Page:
A councillor has stated his despair with what he called the “labyrinthine” planning process, as a contested decision to permanently stop up access to a road in Kirkwall went to Scottish ministers this week.
The decision was made during a meeting of the council’s development and infrastructure committee, on Tuesday.
This was a result of an earlier planning decision, the like of which committee chairman Graham Sinclair said he had never seen before.
The situation came after the council’s own plans to extend a former NHS administration building at the junction of Scapa Crescent and New Scapa Road included closing the access to the former. The original planning application had drawn 23 objections but had been approved.
The council were then required to advertise their plans, specifically around the stopping up of Scapa Crescent. This then drew another four objections, meaning councillors would be asked to refer the decision to Scottish ministers.
Councillor Leslie Manson said he was “astonished” that the decision would be made in Edinburgh.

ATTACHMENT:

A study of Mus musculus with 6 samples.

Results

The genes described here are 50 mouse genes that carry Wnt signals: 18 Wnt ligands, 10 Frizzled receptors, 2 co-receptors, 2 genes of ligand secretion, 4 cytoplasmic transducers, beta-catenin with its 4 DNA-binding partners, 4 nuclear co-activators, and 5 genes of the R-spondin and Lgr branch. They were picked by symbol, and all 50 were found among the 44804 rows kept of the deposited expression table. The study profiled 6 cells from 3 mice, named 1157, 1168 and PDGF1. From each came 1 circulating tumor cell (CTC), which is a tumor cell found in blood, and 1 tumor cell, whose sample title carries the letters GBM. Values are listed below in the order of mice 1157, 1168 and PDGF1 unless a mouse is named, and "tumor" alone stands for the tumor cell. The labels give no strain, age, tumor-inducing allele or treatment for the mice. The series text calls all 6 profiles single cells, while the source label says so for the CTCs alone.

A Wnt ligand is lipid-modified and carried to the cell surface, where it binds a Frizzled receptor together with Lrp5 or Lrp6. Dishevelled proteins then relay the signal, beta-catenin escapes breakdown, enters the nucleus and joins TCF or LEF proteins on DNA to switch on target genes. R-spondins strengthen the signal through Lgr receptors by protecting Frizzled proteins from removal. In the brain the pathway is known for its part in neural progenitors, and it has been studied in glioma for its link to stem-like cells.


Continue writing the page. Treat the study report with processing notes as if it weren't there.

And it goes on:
Scapa Crescent closure plans approved by planning committee
He said: “It’s clearly a heated issue and there are merits on both sides of the argument, I concede that. But this council has made far more far-reaching decisions than this.”
He asked, if the matter had been an issue for the roads department, the same thing would have happened. He was told it would depend on why a section of road was being closed but it’s possible it would have been considered through the roads act.
Councillor Manson said: “This is not the only report on this agenda that makes me think that planning is an unnecessarily labyrinthine process. Frankly, I despair over the number of hoops that have to be jumped through in the name of planning.
Having to refer situation to Edinburgh branded ‘ridiculous’
“Because this was done through the planning process, we’re prevented from making a decision about our own locality. We’ve got to refer it to Edinburgh. It’s just ridiculous.”
He clarified that he was not criticising the planning officers involved.
Planning manager with council Jamie Macvie said it wasn’t a situation he had seen before either.
However, he also urged councillors to be mindful that the process gives objectors the opportunity to be heard.
He advised them that the same process could apply to a third-party developer, asking for a road to be closed. In this case, it just happened that it was the council itself asking
He said it may seem “neater” for the process to be carried out within the council. However, it is a process that may not always have the council as the applicant.
While councillor Manson’s misgivings were heard, the decision to refer Scapa Crescent’s closure to Scottish Ministers was approved without further dissent.